You’d have to be living under a rock to not be aware of the big political happenings in the US over the past several months. Has it been a year already? In my opinion, whatever it has been, it’s been way too long already and we have nine months to go! If I had my way, none of the candidates could throw their hat in the ring until four weeks before the election. One of the benefits being the individuals would actually be putting in the time and doing the work for which we are already paying most of them, with a four week "leave of absence." [There, that’s one of my gripes.]
Last night I attended my first caucus ever. I have never been a fan of politics, but since it has become the topic of conversation in nearly every activity in which I’m involved, I decided to check it out. First of all, my place of meeting is the high school building from which Heidi graduated. I thought I left home in plenty of time, but was totally surprised when I got into bumper-to-bumper traffic a mile from the school. Judging from the cars going into and turning around and coming out of the middle school a few blocks from the high school, I concluded the parking lot and "overflow" parking lots were full, so I turned onto a side street, parked my car, and walked about four blocks to the high school. It wasn’t that cold outside, the sidewalks were partially shoveled and I was wearing my boots, so I started out. Later that evening I learned the middle school was the meeting place of the other political party caucus. (duh?)
Entering the building, I was met by a volunteer asking me the number of my precinct. "I don’t know," I shyly replied. So she instructed me to get in line where another volunteer would give me that information and tell me the room number to which I should report. That was my first surprise: meeting in precincts. I assumed our entire party for our city would be meeting together in the auditorium or gymnasium.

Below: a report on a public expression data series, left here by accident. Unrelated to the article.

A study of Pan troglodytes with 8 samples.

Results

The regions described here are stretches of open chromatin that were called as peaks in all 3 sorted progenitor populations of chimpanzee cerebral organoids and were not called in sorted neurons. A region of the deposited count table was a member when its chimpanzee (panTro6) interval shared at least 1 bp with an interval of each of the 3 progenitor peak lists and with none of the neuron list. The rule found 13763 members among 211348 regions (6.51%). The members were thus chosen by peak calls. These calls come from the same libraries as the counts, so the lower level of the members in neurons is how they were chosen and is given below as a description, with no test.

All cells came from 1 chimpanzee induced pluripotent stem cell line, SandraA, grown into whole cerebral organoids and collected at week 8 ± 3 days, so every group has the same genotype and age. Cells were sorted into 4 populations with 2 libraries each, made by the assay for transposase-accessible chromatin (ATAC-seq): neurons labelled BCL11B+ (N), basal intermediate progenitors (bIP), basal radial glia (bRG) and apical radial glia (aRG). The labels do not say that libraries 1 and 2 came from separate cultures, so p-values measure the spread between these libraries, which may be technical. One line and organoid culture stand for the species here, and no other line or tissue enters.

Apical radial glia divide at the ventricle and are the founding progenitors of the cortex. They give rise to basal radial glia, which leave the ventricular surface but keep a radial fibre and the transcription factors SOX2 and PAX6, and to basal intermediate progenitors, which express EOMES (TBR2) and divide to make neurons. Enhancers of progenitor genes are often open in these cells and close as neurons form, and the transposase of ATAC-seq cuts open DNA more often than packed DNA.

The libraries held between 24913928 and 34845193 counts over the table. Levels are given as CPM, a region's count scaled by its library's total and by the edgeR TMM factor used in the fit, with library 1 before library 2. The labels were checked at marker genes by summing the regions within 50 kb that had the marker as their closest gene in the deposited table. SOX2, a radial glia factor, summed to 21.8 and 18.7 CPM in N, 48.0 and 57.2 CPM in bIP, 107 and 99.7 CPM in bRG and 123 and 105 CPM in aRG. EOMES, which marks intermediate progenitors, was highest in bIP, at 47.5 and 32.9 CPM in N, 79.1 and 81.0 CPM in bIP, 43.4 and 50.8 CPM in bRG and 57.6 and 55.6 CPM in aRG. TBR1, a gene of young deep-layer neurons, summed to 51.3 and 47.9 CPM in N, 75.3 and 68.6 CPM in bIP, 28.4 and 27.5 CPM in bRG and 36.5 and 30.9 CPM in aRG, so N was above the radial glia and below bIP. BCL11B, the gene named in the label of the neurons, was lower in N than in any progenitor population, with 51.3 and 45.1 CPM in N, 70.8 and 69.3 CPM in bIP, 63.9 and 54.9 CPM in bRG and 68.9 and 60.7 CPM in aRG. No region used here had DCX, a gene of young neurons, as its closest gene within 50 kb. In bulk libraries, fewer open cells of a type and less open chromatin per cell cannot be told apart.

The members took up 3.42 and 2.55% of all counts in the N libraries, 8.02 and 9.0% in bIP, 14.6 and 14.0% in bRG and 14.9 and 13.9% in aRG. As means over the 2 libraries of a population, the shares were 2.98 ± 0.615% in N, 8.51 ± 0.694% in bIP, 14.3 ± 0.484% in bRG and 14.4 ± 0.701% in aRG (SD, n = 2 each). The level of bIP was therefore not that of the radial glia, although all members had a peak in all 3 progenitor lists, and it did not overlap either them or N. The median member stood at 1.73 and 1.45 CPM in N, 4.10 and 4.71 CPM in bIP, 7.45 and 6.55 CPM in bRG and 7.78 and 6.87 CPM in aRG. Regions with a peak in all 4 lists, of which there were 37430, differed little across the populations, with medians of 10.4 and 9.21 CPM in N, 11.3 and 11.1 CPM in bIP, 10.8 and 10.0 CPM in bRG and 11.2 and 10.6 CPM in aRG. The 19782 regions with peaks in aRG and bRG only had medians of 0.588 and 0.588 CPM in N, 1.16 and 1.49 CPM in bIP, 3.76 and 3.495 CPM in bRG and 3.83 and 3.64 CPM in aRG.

Next surprise: Entering the designated room, I learned I had to sign in. That’s fine. I found a chair/desk in the front row (I like hearing everything and don’t like the distraction of having folks in front of me who may or may not be paying attention.) My first thought was, "Wow, Heidi had classes for three years in this building. I wonder if she ever had a class in room C14. Did she sit in this same chair?"
Next surprise: An attractive, professional looking woman at the front of the room called the meeting to order at 7. She asked us to stand for the Pledge of Allegience to the American flag (I liked this a lot.) She said that was following the caucus rules. (I didn’t know there were rules or procedures to follow. I know, how naïve can one be?) She said we would be casting our straw ballots (small pieces of paper) at exactly 7:30 and that they had to be totaled by 7:45. I helped pass out ballots. When we ran out, homemade ones were passed out. To everyone’s amazement, people kept coming into the room. Reports were that every room – 32 in all – was overflowing. No one predicted this crowd!
More news: We were there not only to vote for our favorite Presidential candidate, but to elect ten delegates and ten alternates for the convention. I was very careful to sit on my hands and not give any eye-to-eye contact during this part. How on earth would I be able to fit in another activity this year?! After a few minutes, we satisfied the lists and voted on them.
Next business: submit resolutions. Our group had a few, but they were very lengthy and had come from outside organizations. I stayed for the voting of the one dealing with immigration, then quietly left. After all, it was nearing my bedtime and I had to walk back to my car.
I was glad I went and hope to have some time to think about the whole process. I think I’ll go again. It helps to know what to expect.